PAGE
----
Tax Season is Upon Us – We Supply the Money but We Can Only Influence How it is Spent in an Election Year

Jessica SarterSmall Business

Tax Season is Upon Us

Where does the money come from?

According to the National Priorities Project (www.nationalpriorities.org.), the federal government is expected to collect approximately $3 trillion in tax revenues for the 2014 fiscal year. Approximately 80% of this comes from individual income taxes (46%) and payroll taxes (34%), 11% from corporate taxes and the balance from items like excise taxes and custom duties.

As we have heard debated constantly, the government operates at a deficit and therefore must borrow money by issuing treasury bonds to make up the deficit estimated to be approximately $616 billion for 2014.

 

How is our money spent?

Approximately 64% of the money is allocated to mandatory spending items such as social security, unemployment, Medicare and health, veterans’ benefits, transportation and food and agriculture.  Interest on federal debt accounts for 6% and the balance of 30% for ‘so called” discretionary spending on items such as military, education, international affairs, government, energy and environment etc., with military accounting for close to 60% of the discretionary portion of the budget.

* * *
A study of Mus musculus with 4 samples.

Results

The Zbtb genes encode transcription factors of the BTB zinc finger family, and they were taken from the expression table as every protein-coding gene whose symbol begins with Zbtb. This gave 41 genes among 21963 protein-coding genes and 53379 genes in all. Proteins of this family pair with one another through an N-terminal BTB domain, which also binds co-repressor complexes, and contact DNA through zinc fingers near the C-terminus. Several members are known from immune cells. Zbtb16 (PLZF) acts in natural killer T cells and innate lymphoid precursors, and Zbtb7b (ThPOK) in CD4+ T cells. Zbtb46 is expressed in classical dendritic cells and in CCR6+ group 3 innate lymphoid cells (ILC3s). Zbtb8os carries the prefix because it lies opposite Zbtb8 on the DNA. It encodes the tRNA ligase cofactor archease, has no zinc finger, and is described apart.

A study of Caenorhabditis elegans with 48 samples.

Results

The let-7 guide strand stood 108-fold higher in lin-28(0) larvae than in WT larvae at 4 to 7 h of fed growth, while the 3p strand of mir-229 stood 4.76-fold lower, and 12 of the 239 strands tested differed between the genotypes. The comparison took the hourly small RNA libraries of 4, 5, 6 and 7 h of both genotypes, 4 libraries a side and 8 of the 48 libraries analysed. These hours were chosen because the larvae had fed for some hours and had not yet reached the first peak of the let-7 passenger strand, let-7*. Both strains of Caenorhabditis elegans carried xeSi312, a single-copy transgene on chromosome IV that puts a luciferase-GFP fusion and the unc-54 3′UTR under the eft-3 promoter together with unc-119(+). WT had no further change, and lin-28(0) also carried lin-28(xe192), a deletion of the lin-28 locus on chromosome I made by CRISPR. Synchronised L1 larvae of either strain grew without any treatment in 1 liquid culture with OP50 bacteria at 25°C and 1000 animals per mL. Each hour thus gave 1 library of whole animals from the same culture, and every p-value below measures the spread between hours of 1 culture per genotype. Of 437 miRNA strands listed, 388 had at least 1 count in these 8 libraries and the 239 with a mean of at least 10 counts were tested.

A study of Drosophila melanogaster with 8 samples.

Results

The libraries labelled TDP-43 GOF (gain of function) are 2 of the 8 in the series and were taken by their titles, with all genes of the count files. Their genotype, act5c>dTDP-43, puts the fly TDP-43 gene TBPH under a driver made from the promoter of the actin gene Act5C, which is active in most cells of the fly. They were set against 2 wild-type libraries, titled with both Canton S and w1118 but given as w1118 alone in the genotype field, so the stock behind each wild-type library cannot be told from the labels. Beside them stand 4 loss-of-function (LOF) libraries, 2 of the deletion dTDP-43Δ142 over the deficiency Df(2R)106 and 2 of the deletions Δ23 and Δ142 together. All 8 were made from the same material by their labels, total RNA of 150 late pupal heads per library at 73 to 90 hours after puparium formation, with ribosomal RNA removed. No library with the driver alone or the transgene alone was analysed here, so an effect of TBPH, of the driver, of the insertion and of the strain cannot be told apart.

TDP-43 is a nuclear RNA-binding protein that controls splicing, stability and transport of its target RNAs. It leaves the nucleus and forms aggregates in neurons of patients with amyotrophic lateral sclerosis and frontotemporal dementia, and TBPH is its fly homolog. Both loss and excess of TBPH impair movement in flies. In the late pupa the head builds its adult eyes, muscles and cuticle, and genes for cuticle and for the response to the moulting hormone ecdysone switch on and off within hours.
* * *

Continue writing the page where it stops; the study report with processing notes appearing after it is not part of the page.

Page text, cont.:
The President in his State of the Union Address talked about closing tax loopholes to help fund job growth. While not technically an expense, tax breaks account for over $1 trillion per year, approximately equal to all of the discretionary spending in the 2014 budget.

 

Could Our Dollars be Better Spent?

That of course depends upon your priorities but to give some perspective; the following are some estimates of hourly spending reported by the National Priorities Project:

  • Approximately $10.45 million per hour  for the war in Afghanistan
  • Approximately $60.71 million  per hour for the Department of Defense
  • Approximately $1.61 million per hour  for foreign military assistance
  • Approximately $6.82 million  per hour on Homeland Security
  • Approximately $8.16 million  per hour  on education
  • Approximately $3.23 million per hour on the environment
  • Approximately $13 million per hour for food and nutrition assistance
  • Approximately $30 million  per hour for Medicaid and Children’s Health Insurance Program
  • Approximately $4.76 million per hour for housing assistance.